Tuesday, November 19, 2013

You can't take non-cognitive skills for granted

From Job Outlook 2013 from NACE.

What are employers looking for from prospective new hires? Much of our national education debate focuses on such macro issues as STEM (whether or not we have enough of), Creativity, Critical Thinking, etc. Articles such as The Real Reason New College Grads Can’t Get Hired by Martha C. White and College Grads’ Bad Habits Driving Unemployment by Walter Russell Mead suggest that the challenge is not so much with regard to hard cognitive content as it is about the softer issues which the economist James Heckman refers to as non-cognitive skills. Non-cognitive skills are those pertaining to behavioral attributes such as propensity to show up on time, follow-through on commitments, willingness to work hard, flexibility, trustworthiness, etc. Heckman has done some interesting research on exactly how critical, and under-recognized are the non-cognitive skills.

The National Association of Colleges and Employers conducts an annual survey of businesses and their anticipated hiring needs. Among the questions they ask is one regarding the attributes that employers are seeking. For 2012, the results were:

All sorts of questions regarding the range of attributes that were allowed to be selected from, etc. But given what is in the report, it is interesting to note that of the top most sought after non-cognitive skills, 4 are personality or values related (leadership, teamwork, work ethic and initiative), 2 are communications related (written and verbal), and 2 are general critical thinking/numeracy related (problem solving and quantitative analysis).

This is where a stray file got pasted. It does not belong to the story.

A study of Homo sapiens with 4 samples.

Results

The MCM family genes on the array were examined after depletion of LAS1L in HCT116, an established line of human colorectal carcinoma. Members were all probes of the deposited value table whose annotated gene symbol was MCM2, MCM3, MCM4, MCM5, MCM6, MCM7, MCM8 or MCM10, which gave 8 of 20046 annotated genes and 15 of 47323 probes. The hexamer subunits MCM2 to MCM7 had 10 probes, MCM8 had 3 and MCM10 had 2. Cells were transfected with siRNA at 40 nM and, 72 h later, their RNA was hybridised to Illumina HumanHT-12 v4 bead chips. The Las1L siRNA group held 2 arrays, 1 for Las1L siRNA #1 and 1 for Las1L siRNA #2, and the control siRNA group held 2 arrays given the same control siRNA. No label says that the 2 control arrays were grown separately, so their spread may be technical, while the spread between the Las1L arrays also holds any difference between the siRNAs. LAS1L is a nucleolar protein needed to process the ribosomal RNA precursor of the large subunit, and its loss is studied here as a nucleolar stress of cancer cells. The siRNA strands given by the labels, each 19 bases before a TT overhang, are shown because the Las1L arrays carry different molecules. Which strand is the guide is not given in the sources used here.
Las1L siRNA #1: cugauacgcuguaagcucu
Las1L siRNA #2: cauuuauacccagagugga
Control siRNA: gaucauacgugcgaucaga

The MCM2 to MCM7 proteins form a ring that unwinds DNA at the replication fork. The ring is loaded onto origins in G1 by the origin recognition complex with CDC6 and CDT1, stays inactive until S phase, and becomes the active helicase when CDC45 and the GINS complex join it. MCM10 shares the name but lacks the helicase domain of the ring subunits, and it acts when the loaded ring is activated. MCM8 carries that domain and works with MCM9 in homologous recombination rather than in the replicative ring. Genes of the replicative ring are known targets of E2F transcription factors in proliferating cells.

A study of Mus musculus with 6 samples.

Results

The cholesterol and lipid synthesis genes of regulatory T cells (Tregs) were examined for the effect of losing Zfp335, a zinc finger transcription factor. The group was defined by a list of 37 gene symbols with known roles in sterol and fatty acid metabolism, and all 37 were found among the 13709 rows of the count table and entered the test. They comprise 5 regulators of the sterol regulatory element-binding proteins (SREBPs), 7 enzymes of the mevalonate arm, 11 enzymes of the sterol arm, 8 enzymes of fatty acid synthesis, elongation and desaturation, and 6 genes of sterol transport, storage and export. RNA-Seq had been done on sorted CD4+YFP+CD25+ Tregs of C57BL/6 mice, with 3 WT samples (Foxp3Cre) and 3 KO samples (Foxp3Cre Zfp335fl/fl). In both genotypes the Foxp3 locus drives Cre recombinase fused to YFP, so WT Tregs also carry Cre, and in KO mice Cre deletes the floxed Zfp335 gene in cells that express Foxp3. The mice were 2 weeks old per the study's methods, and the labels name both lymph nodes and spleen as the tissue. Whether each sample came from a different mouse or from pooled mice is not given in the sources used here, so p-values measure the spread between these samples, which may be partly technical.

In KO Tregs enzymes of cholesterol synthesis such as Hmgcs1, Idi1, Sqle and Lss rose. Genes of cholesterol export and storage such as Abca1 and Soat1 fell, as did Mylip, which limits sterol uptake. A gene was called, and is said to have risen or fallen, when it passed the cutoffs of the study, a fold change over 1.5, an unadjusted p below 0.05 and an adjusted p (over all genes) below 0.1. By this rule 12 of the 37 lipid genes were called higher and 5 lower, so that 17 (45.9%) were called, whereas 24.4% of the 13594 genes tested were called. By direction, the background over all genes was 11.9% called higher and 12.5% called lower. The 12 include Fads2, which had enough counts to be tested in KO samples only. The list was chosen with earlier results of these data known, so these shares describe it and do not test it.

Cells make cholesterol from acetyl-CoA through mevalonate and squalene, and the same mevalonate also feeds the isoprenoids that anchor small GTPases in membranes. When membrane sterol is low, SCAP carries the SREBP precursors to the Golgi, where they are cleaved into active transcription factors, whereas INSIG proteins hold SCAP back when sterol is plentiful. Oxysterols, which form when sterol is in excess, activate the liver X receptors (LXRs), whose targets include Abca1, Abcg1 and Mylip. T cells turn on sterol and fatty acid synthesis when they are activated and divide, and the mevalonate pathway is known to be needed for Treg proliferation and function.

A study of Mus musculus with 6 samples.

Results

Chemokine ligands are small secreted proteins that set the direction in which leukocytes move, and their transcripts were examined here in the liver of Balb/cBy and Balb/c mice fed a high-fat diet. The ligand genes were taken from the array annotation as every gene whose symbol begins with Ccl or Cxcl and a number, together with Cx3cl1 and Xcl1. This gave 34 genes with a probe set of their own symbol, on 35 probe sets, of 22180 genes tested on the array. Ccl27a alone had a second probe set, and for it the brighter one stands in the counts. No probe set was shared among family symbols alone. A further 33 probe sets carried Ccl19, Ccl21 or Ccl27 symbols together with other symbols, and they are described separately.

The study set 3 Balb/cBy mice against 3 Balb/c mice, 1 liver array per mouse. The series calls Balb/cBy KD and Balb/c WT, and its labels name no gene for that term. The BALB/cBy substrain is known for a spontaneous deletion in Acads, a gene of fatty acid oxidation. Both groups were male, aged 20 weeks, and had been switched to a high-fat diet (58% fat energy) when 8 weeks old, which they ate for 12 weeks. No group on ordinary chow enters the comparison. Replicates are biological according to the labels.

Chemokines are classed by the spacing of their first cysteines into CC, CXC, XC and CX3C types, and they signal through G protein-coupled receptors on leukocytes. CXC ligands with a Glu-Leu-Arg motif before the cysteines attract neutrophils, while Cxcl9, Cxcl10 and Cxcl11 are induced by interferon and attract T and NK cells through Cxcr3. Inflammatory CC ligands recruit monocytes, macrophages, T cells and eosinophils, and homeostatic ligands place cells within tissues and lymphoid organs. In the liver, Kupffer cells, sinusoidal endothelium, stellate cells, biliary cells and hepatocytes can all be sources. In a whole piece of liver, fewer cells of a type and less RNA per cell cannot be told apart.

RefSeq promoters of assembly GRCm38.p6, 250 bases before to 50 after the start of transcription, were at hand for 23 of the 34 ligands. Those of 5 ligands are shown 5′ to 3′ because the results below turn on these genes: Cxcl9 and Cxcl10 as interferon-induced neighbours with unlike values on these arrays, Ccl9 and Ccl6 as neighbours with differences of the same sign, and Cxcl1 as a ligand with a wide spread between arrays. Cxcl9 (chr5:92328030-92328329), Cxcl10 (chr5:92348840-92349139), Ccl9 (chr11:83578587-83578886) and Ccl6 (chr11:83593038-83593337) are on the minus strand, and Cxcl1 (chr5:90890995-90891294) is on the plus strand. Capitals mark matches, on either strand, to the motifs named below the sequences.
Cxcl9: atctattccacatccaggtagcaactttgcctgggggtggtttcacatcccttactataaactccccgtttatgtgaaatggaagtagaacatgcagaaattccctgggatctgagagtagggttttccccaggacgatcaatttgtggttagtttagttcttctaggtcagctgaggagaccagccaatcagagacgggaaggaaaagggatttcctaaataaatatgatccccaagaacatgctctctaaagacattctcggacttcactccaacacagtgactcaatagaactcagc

There is a lot of energy (and money) invested in education reforms at both the K-12 and university levels but you rarely hear these basics discussed, much less brought into any kind of focus. There is a lot of happy clappy talk about critical thinking but not much of that translates into real world problem solving and quantitative analysis.

You have to take all these such surveys with a grain of salt. There is often some element of self-serving excuse making. But it does comport broadly with what I have seen over the years hiring hundreds of entry level people from the staff consultant level on up. Technical knowledge is nice to have, but if they are bright and hard working that gap can be filled later. What is critical are all those non-cognitive skills of work ethic, diligence, timeliness, etc. Without those, there isn't much of a career.

Sometimes, it seems, as if we lose sight of the fundamentals (non-cognitive skills) while focusing so much on the cognitive ones (grades and test scores).